Josh Johnson
Sep 22, 2017 · 4 min read

On the first day that I owned my Apple AirPods, they would connect to my Mac as soon as I put them in my ears. They don’t do that anymore. Now, I have to click on the bluetooth menu in the menu bar and connect them manually… each time I take them out of the case. This is no good. I’m far too lazy to carry on like this, so I figured out how to connect my AirPods with a keyboard shortcut. Read on to learn how.


This is Easier Than You Think

Fair warning: if you scroll through the steps below, this seems like a long process, but that’s just because I went into every little detail. If you know your way around a Mac, this will take five minutes or less. All you have to do is , change one line to add in the name of your AirPods, make sure the script has accessibility permissions, and then assign the script a keyboard shortcut. That’s it. If you know how to do that stuff, you can close this tab now and get to it.


Part 1: AppleScript

Don’t be afraid! You don’t have to actually write any AppleScript. We can steal everything we need from Andrew Burns, who created and shared . Thanks Andrew!

1. Open Script Editor

This is the application for creating and running AppleScripts. It is found in your Utilities folder, but you can just use Alfred or Spotlight to bring it up quickly.


2. Paste in Andrew’s Script and Customize

You can do this. To begin, just copy , then paste it into Script Editor. To make this work for your AirPods, you’ll need to edit a single line of his code. Find this bit: tell (menu item "SX-991" of menu 1).

Replace SX-991 with the name of your AirPods. It’s important to note that you have to get the name of your AirPods precisely correct, down to the apostrophe. This little gem tripped me up and it will throw an error for you too if you don’t get it right:


3. Save As an Application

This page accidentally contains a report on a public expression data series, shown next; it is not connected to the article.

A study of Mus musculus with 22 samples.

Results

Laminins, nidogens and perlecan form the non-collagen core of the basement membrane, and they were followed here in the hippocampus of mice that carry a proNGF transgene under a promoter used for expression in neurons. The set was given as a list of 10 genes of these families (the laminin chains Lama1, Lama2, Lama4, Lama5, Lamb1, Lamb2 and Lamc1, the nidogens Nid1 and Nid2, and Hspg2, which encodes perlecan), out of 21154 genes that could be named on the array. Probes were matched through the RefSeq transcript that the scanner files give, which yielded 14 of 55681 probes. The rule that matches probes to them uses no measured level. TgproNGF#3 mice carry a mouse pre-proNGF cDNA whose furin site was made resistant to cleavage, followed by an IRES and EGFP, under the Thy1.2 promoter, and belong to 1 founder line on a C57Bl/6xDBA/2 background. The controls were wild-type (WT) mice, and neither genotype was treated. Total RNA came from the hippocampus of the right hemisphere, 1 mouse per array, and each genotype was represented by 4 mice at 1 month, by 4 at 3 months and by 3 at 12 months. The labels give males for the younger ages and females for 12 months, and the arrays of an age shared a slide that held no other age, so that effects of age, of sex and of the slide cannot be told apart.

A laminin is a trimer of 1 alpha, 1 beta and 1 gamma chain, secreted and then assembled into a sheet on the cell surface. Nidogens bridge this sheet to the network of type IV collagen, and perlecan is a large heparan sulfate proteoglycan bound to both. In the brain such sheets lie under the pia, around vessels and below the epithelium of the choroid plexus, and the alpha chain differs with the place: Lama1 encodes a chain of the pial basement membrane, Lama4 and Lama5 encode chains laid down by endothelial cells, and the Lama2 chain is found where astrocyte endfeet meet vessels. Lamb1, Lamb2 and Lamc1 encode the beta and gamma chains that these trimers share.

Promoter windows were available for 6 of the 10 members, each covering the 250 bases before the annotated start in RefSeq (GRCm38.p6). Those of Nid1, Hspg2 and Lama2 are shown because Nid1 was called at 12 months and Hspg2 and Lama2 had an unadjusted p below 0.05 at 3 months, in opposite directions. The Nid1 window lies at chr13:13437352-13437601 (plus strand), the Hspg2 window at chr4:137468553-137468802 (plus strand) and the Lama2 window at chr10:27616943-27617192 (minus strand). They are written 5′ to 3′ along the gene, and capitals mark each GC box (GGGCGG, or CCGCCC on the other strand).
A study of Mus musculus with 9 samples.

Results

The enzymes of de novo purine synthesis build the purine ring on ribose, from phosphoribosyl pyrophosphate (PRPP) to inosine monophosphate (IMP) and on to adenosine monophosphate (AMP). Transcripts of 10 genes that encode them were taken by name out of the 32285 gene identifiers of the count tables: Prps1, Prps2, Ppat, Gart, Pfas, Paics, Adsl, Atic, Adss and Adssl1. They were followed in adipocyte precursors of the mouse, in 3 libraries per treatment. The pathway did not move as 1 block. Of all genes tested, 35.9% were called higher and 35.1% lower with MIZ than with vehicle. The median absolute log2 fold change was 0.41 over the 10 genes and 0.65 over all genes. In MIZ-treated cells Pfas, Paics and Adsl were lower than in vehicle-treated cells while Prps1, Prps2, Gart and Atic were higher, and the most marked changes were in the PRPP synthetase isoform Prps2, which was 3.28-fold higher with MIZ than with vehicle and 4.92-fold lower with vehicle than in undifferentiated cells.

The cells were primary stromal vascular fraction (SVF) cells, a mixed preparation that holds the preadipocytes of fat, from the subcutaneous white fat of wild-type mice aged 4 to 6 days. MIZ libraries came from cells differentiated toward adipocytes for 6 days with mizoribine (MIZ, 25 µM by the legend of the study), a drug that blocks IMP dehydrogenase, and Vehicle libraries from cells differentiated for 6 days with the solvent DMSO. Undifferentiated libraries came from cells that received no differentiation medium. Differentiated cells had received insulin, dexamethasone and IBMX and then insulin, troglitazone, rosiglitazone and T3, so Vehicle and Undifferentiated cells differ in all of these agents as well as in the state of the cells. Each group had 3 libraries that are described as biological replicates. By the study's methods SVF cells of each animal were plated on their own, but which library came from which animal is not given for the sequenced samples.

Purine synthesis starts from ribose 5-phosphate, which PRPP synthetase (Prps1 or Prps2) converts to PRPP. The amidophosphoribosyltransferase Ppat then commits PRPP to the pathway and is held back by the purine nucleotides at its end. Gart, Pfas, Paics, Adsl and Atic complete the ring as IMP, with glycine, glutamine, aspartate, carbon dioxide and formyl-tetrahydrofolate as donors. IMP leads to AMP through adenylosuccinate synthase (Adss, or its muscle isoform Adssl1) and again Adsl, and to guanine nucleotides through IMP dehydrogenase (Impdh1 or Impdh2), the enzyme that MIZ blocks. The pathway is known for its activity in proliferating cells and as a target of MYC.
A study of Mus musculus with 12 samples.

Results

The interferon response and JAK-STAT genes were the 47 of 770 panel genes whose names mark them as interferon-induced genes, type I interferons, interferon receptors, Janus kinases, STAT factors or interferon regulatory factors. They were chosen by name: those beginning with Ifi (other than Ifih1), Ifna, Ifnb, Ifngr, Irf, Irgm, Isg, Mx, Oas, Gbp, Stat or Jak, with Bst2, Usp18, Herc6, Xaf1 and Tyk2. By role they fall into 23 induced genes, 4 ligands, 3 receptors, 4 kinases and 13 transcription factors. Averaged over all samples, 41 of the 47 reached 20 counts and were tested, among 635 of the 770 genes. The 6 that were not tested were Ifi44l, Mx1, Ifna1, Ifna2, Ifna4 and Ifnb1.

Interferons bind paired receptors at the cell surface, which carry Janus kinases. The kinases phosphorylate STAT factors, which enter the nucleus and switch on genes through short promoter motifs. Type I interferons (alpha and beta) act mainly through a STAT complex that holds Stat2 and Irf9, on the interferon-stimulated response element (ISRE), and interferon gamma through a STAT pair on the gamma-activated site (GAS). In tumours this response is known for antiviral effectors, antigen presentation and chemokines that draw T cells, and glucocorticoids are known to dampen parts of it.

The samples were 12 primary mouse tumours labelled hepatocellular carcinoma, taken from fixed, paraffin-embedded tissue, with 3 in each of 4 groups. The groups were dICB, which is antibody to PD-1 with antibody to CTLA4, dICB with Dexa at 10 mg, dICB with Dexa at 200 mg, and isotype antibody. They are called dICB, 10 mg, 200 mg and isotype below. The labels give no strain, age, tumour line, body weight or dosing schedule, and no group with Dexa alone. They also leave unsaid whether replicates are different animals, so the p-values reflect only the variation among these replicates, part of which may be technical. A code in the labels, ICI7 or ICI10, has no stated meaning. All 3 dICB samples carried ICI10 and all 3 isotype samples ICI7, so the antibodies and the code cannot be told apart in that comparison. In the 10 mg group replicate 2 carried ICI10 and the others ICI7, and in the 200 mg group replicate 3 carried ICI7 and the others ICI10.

You’re done with the ApplScript part! See, I told you it was easy. Now save your work. In the save dialog, choose “Application” as your File Format. I called my application, “ConnectToAirpods” and dropped it into my Applications folder.


Part 2: Accessibility Preferences

If you run your script, you’ll notice that it won’t actually work. That’s because you have to give it permission to control your computer. To fix this, do the following:

  1. Go to “Security & Privacy” in System Preferences
  2. Click the little lock to make changes.
  3. Select “Accessibility” from the list of items on the left.
  4. Hit the little + button
  5. Find your app and add it

You now have the key component: an app that will connect your Mac to your AirPods. Now for the tricky part: how do you launch an app with a keyboard shortcut? There are quite a few ways to do this. Pick your poison:

  1. (written by yours truly way back in 2012… I think it still works). Difficulty: super nerd. It’s a lot of hassle, but doesn’t require any third party tools.
  2. Install a free keyboard shortcut launcher like . Difficulty: n00b. Anyone can do this.
  3. Build a quick workflow. Difficulty: moderate. You’ll need the Alfred Powerpack, which isn’t free. That being said, Alfred is amazing and the team behind it is friendly and hardworking. I think you should use Alfred and buy the Powerpack. Supporting great app developers is good for your soul.

For those that choose the Alfred route, here’s how it works…

1. Create a Workflow:

Open Alfred’s Preferences and go to the Workflow tab. Create a new workflow called Connect to AirPods.


Control-click on the worfklow canvas and select Triggers > Hotkey. Choose a keyboard shortcut to launch your app and hit save.

3. Add a Launch App Action

Click and drag from your trigger and select Actions > Launch Apps / Files. Then choose your application.


You Did It!

Well done. I award you 100 nerd points. Apple didn’t give you the feature you wanted so you built it yourself. You’re a go getter.